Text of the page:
Ever since my childhood I wanted to work in the theatre. I was encouraged by two amazing men who were regular patrons at my father’s bar in Sliema, Malta. The two men were Frank Ganado and J.J. Tellus. Mr. Ganado was a wonderful gentleman and a veteran of the Maltese stage. He gave me my first script, a short comedy sketch called Stop Press, which I directed (and acted in) for my elementary school prize day in 1978. J.J. produced many vaudeville and variety shows in Malta in the 1970s. His zany approach and eccentric lifestyle were very influential on my desire to take up a career in what he called “show business.” Both men sadly passed away in the late 1990s.
I first started taking the theatre seriously in my late teens, when I met John Suda from the Drama Unit of the Education Department and together we produced Francis Ebejer’s L-Imwarrbin (The Cliffhangers) at the New Lyceum Theatre in Msida. The multi-talented Claudette Pace, Ray Calleja and David Agius, who eventually became household names in their own right, were in the all-teenager cast for that production of Ebejer’s play. John become my mentor and I owe him a great debt of gratitude for teaching me how to shed my inhibitions and acquire a level of self-confidence required for working in the performing arts. John and I went on to become great friends, and besides turning me on to Dungeons and Dragons he also introduced me to my first professional contacts in broadcasting. John was the common denominator in most of the theatrical productions I worked on between 1985 and 1992. My role was usually that of sound designer and/or composer.
In 1992 I abandoned my full-time career in broadcasting to join the Mediterranen Institute Theatre Studies Programme at the University of Malta as a full-time student. My teachers at the University of Malta, and other theatre people they introduced me to, initiated me into a world of theatre that had been unknown to me previously. The first thing I learned, from the wonderful Professor Nicola Savarese, was that everything I thought I knew about theatre was wrong. I came to understand and firmly believe that the dramatic text was not the central element for making theatre. I came to value the actor as the most important resource for any dramaturgical exploration. I also became entranced by the notion that theatre can serve for more than entertainment or art. Applied theatre became my genre of choice. Still, I tried my hand at directing a small number of works purely for their entertainment or artistic value, but by 1996 I came to realize that I could no longer bring myself to spend six weeks working with a group of actors and other theatre-makers just to entertain an audience or make arty-farty theatre.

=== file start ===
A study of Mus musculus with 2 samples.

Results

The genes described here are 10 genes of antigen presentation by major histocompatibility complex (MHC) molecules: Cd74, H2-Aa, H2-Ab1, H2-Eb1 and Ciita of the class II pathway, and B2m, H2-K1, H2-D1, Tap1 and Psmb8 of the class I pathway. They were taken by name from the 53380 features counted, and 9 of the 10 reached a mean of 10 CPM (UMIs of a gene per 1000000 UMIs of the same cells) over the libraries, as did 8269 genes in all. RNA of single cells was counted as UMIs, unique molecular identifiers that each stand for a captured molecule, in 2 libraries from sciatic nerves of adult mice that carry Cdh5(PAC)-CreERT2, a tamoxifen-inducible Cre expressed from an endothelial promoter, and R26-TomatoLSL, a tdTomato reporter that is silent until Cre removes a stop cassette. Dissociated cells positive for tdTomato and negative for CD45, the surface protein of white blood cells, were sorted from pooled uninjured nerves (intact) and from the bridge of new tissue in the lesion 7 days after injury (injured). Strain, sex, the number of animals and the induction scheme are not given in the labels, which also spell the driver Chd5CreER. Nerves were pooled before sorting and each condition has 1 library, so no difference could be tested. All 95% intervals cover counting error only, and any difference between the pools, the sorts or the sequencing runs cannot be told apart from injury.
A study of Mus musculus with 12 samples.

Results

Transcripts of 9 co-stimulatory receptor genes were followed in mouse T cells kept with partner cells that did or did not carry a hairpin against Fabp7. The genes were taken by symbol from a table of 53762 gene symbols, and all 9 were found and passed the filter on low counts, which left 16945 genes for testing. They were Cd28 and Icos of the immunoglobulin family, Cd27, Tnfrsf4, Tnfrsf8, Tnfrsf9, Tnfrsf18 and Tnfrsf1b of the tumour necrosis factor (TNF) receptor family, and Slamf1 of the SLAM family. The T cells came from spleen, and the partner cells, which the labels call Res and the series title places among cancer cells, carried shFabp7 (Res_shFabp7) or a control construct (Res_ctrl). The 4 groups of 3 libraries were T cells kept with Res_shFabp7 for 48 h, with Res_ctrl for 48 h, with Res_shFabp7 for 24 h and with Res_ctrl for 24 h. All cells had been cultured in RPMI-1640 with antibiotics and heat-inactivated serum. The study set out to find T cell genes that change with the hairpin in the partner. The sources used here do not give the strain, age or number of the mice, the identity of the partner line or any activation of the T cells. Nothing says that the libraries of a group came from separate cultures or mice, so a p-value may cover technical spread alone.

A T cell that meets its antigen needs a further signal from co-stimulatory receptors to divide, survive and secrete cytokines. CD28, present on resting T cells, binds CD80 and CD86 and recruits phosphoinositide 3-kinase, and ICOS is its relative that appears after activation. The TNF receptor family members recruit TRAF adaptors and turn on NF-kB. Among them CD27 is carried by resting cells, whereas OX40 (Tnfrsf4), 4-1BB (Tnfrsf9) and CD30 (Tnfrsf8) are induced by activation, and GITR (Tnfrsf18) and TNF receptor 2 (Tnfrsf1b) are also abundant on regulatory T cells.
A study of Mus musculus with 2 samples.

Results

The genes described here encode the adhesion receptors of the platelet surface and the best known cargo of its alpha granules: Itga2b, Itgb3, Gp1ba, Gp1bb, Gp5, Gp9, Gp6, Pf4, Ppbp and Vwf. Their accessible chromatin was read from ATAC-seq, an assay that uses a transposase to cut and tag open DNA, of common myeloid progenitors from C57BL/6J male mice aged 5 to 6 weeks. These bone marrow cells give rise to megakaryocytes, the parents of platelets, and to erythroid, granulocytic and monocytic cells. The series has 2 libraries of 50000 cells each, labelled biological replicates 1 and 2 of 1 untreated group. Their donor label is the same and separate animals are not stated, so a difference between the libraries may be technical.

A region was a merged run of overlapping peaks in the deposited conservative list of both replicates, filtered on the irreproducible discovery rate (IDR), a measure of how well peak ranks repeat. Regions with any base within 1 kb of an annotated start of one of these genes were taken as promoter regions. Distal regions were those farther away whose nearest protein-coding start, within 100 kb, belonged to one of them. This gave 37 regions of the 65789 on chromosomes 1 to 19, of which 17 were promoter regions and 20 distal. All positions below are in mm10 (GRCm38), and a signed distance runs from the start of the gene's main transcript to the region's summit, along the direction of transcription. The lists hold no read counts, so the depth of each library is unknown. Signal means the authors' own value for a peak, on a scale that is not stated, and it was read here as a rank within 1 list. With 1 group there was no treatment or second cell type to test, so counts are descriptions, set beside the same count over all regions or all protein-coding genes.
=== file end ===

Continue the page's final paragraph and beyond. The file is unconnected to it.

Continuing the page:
This realization did not happen overnight. In 1994 I left Malta for Germany where I was contracted to work in a small circus during the summer. While in Germany I founded a small experimental theatre group driven by the idea that theatre in not only a profession but a way of life. Tanja Beyer, my first companion in this experimental group, called our collaborative project Platonium. Within a few weeks I left for the United States were I worked with another small group of collaborators under the name Platonium. When I returned to Berlin for the New Year celebrations of 1995 I wrote/complied my first (and only) theatre manifesto.
Doing theatre this way led me to collaborate with a small group of hard-working experimental theatre-makers in Madison, Wisconson, led by Claudia Tatinge Nascimento. It was there that I decided to refocus my work in the theatre to line-up with my PhD coursework in Performance Studies at New York University, which included very intensive workshops with Richard Schechner and Augusto Boal.
Thanks to Joel Plotkin, who created the Online Guide to Applied and Interactive Theatre, which I have maintained since 1998, Applied and Interactive Theatre is what I’m most interested in now. Performance Studies has given me a broader appreciation and understanding of the theatre, and as I worked on my PhD dissertation I took a hiatus from making theatre as I had for so many years. Teaching in the Drama Department and NYU’s Tisch School of the Arts has also provided me with an interesting forum for rethinking my interest in theatre as a profession, as a way of life, and everything else in between.
In 2003 I was introduced to a new world of performance production by the amazing Coco Fusco. Starting in September 2003, I worked as her Technical Director, coordinating all technical aspects for her multimedia performance called The Incredible Disappearing Woman. This work explores how and why we relate to political violence via technological mediation.
The following year I moved to the UK and started exploring performance through the Internet more closely, but with fewer practical outputs. The current project in this vein relates to Facebook. It started in 2009. An intitial demonstration of this work was presented at the TaPRA annual conference at the University of Plymouth in September 2009. Plans to develop it further are ongoing.